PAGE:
Frequently Asked AC & Heating Questions

Dallas Heating & Air Conditioning Specialists

Many people don’t know how their heating or air conditioning systems work. It can be difficult to spot a problem or issue with your system if you don’t know what to look for. You may not even realize that your air conditioning needed to be repaired last winter until it hits mid-July. When you wait for repairs, they can end up being much more costly and time-consuming. For this reason, our heating and air conditioning specialists have put together a list of helpful questions to provide you with direction. If you can’t find an answer to your question, you may need to schedule an appointment for inspection or talk with one of our licensed technicians over the phone. If you are still having trouble with your air conditioning or heating unit after following guidelines, it’s probably time for maintenance or repair.

Is it bad if my AC has ice on it?
Sometimes ice particles can form on the condenser coil found on the indoor portion of an air conditioner. Ice can also be found on the refrigerant lines outside the unit. There could be several reasons for this ice, but it is most likely due to a reduced or restricted air flow. This can be caused by a dirty air filter or restricted air ducts. Ice buildup is not an indicator of but could lead to serious destruction if left alone. If you take care of the dirty air filter right away, you will most likely be able to minimize or eliminate all damage to your unit.

What does SEER and HSPF mean?
Each air conditioning or heating unit will have a Seasonal Energy Efficiency Rating, which is used to determine a machine’s cooling efficiency. When the SEER rating is high, it means that the system will cost less to operate. We carry air conditioning models that go up to 21 SEER, which could significantly reduce your electric bill at the end of every month. A Heating Seasonal Performance Factor is similar to a SEER rating, but is used to determine the efficiency of a heating pump. It is used only for the heating portion of a heating pump.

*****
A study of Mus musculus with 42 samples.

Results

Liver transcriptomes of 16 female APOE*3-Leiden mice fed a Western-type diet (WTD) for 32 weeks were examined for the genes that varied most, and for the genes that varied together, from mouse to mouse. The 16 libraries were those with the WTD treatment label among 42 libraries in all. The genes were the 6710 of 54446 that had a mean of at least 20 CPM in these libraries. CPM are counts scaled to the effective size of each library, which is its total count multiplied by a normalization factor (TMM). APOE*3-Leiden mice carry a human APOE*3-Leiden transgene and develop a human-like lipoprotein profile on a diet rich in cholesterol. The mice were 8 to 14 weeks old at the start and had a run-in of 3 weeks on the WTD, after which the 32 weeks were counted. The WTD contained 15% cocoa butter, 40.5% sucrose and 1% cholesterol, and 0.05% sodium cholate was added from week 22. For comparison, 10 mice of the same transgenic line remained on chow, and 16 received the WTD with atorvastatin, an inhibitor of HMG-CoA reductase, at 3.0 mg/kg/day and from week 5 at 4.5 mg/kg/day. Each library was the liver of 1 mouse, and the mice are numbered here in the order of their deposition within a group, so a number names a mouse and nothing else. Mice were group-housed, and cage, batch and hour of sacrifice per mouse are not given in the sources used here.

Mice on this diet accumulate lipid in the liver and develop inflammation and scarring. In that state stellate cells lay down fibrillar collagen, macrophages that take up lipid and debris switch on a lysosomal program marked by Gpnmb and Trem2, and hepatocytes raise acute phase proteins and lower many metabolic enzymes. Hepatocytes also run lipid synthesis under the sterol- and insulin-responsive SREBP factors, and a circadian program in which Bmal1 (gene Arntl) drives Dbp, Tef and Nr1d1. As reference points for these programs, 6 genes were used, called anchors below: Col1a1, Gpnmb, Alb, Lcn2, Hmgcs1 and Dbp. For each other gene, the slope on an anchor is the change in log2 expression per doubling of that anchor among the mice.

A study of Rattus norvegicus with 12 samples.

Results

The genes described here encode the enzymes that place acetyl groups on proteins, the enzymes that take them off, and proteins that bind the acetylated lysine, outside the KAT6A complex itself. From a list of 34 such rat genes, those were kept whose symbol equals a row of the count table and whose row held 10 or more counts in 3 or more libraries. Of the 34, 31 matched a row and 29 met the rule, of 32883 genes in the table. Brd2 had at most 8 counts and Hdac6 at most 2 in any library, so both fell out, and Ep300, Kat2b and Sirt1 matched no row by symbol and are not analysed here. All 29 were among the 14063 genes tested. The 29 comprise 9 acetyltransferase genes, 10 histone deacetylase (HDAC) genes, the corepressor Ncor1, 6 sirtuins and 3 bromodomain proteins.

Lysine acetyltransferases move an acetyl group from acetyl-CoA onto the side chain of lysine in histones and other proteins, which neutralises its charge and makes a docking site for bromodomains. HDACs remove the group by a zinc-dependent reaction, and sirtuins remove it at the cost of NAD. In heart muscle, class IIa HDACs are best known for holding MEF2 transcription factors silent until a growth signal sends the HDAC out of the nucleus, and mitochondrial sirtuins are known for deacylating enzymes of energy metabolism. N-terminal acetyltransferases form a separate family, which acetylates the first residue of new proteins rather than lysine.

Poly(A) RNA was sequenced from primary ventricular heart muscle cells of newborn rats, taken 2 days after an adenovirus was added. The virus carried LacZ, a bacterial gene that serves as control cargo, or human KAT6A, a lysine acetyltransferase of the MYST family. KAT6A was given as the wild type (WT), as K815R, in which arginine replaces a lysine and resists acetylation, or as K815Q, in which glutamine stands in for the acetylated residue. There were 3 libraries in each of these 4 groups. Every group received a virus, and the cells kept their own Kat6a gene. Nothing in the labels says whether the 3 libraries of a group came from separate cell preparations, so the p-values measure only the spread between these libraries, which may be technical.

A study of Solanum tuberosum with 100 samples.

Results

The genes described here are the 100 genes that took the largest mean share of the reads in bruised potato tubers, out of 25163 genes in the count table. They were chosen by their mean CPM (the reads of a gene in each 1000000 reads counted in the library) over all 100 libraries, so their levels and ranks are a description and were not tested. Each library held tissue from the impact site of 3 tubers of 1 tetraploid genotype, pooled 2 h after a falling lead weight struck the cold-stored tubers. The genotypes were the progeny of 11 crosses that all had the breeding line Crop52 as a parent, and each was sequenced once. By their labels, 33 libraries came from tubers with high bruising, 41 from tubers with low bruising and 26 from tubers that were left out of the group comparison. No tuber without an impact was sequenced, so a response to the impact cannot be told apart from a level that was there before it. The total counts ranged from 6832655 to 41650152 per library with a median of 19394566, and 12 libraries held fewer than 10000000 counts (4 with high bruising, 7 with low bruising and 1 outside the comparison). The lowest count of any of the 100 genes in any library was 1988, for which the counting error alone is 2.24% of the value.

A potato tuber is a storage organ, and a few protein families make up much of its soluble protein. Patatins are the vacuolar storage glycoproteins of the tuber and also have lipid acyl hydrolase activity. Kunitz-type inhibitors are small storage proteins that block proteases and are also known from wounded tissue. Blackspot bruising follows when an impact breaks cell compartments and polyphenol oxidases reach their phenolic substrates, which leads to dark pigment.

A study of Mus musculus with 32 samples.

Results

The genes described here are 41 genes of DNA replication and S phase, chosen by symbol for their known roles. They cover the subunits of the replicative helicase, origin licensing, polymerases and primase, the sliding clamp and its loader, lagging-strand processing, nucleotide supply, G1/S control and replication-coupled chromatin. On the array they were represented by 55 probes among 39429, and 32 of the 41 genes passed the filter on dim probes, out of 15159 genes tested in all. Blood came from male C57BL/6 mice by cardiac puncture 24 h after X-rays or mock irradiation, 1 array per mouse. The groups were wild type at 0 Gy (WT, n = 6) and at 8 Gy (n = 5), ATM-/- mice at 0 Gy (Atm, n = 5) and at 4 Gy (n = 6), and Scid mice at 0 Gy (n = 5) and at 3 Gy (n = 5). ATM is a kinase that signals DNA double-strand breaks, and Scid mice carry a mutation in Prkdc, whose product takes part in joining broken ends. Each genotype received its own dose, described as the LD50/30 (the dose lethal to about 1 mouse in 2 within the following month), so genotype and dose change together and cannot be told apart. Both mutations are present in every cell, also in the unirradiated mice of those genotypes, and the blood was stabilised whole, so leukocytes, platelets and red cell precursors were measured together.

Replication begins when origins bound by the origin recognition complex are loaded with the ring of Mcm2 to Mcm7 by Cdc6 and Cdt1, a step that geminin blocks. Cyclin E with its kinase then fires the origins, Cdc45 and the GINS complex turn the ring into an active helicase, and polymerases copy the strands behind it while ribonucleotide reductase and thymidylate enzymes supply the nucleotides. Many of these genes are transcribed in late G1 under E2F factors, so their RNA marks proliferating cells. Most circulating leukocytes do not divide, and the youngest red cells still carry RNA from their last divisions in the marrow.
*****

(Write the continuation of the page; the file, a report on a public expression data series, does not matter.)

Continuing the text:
What should I set my thermostat to at night?
Depending on the temperature during the day, you may have to continually adjust the thermostat. It is better to keep consistent temperature changes, which is why we suggest dropping it 10 degrees at night. This is a general rule of thumb, as it provides a good cushion. If your thermostat can be programmed to this, you may be able to save on utility bills during the night. By manually dropping the temperature, you could lose most of the savings by overworking the system. A programmable thermostat is great for creating optimal energy savings.

Do I really need regular maintenance on my AC or heating unit?
Most people don’t want to schedule regular maintenance for their home comfort system, seeing it as a waste of money. What they don’t realize is that scheduled inspection and repairs can prevent future damage. By investing a small amount of money in your air conditioning or heating unit, you will save on utilities, repairs and part replacements. Just like taking your car in for an oil change, it’s good to perform  preventative maintenance for your heating or cooling system.

How does my AC unit work?
Every air conditioning unit is designed to perform two jobs: heat removal and moisture removal. By drawing warm air into your house through a filter, it passes over a cold coil. This process removes both moisture and heat. The air is passed to the outside of the house, repeating this cycle until the indoor temperature matches the thermostat setting. Many people think that they will save money by turning on their system for just a few minutes for short relief. This actually causes more wear and tear on your machine, costing you more in the long run. Also, it takes about 10 minutes for your system to run at optimal levels, which is another reason short bursts of air conditioning are not cost-effective.